Add the following line to /etc/services:
stat 1024/tcp # check network stats
Add the following line to /etc/inetd.conf (this assumes you copied the
script to /sbin/):
stat stream tcp nowait root /usr/sbin/tcpd /sbin/stat.sh
That's all. Of course, this only works if you have inetd running...
I'm not aware of any security holes being opened by adding this to inetd (aside from running inetd at all). If you know of any problems this approach might cause, please let me know.
You should probably also take a look at /etc/hosts.allow and also your firewall-rules to make sure that connections from your client to that host are actually allowed.
EigerStein users: LrpStat will not work with the default hosts.allow file
on EigerStein. You'll have to change
#!/bin/sh -e trap "exit 1" 1 trap "exit 1" 2 sleepTime=1; if [ -n "$1" ] ; then sleepTime=$1 fi while [ 1 ] do cat /proc/net/dev echo "#" sleep $sleepTime doneThis version of the script accepts a parameter that specifies the time (in seconds) between measurements. The default is 1. If you want 5 seconds between measurements, you would specify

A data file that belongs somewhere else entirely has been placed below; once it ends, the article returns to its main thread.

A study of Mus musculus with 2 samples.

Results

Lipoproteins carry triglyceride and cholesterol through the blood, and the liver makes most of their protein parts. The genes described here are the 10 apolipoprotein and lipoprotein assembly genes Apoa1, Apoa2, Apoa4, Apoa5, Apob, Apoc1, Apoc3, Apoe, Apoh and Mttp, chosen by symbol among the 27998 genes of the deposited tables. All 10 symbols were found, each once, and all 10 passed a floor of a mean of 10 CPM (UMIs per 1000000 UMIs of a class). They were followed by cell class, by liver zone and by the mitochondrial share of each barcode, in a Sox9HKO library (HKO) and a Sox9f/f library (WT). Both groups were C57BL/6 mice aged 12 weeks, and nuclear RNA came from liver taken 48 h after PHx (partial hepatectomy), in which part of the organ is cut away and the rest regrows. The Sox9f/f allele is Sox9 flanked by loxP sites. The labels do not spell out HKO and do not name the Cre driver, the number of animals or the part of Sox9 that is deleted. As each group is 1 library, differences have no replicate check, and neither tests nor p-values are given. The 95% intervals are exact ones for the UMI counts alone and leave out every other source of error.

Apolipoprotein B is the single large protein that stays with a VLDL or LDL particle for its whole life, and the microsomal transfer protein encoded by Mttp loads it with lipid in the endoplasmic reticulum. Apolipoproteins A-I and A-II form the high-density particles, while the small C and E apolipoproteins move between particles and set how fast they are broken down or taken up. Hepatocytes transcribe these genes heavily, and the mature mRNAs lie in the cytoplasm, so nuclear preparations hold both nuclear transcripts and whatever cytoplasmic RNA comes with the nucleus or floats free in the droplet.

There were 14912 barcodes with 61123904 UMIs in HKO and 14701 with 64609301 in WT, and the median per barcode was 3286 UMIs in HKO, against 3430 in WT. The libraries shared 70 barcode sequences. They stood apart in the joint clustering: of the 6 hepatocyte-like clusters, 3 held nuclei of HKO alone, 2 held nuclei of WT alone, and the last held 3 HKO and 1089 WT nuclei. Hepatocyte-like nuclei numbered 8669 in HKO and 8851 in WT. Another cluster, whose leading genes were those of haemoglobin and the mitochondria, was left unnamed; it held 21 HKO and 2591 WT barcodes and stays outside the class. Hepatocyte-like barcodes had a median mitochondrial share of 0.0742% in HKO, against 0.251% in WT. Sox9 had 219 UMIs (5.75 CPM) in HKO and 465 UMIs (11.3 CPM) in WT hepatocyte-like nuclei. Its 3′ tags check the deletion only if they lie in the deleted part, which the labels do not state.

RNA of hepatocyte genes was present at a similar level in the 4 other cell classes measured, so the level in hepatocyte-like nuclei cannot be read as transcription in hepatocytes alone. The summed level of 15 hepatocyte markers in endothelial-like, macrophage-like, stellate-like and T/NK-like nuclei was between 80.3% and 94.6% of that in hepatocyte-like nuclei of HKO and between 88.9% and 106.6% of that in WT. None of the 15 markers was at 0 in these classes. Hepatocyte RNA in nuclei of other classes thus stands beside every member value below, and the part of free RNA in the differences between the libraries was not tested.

stat stream tcp nowait root /usr/sbin/tcpd /sbin/stat.sh 5in inetd.conf
Note: since there are no timestamps sent with the data (for the shell script, the C-program does send a timestamp), specifying the time is not very accurate, since this doesn't say when the java program actually receives the data (and for data without a timestamp, it uses the time since the last packet has arrived to build its own timestamp).
If you want to use this, you'll have to change the program-name specified in /etc/inetd.conf, since the instructions above assume you're using the script.
The makefile creates two versions (at least on my system, probably not on yours, unless you have SuSE Linux with the glibc 2.0 compatibility package installed). The first version, that is copied into glibc/ and is compiled with the standard cc and linked against whatever libraries you have on your system.
The second, which is put in glibc20/ uses the compiler from the glibc20 compatibility package and is linked against glibc2.0 (so it works on LRP/LEAF).
There are also isdn-versions, with special isdn-features enabled (check the makefile if you want to build those yourself).
Since version 0.11, the c-program also formats the cpu-usage as a "virtual" interface (name cpu0), which can be used to display cpu-usage in a graph. See also the DEVx_PERCENT parameter in the html-file.
If you have more than one cpu, the first two are displayed as device "cpu0" (the first cpu will be presented as "incoming traffic", the second as "outgoing traffic"). The next two as device "cpu1" and so on.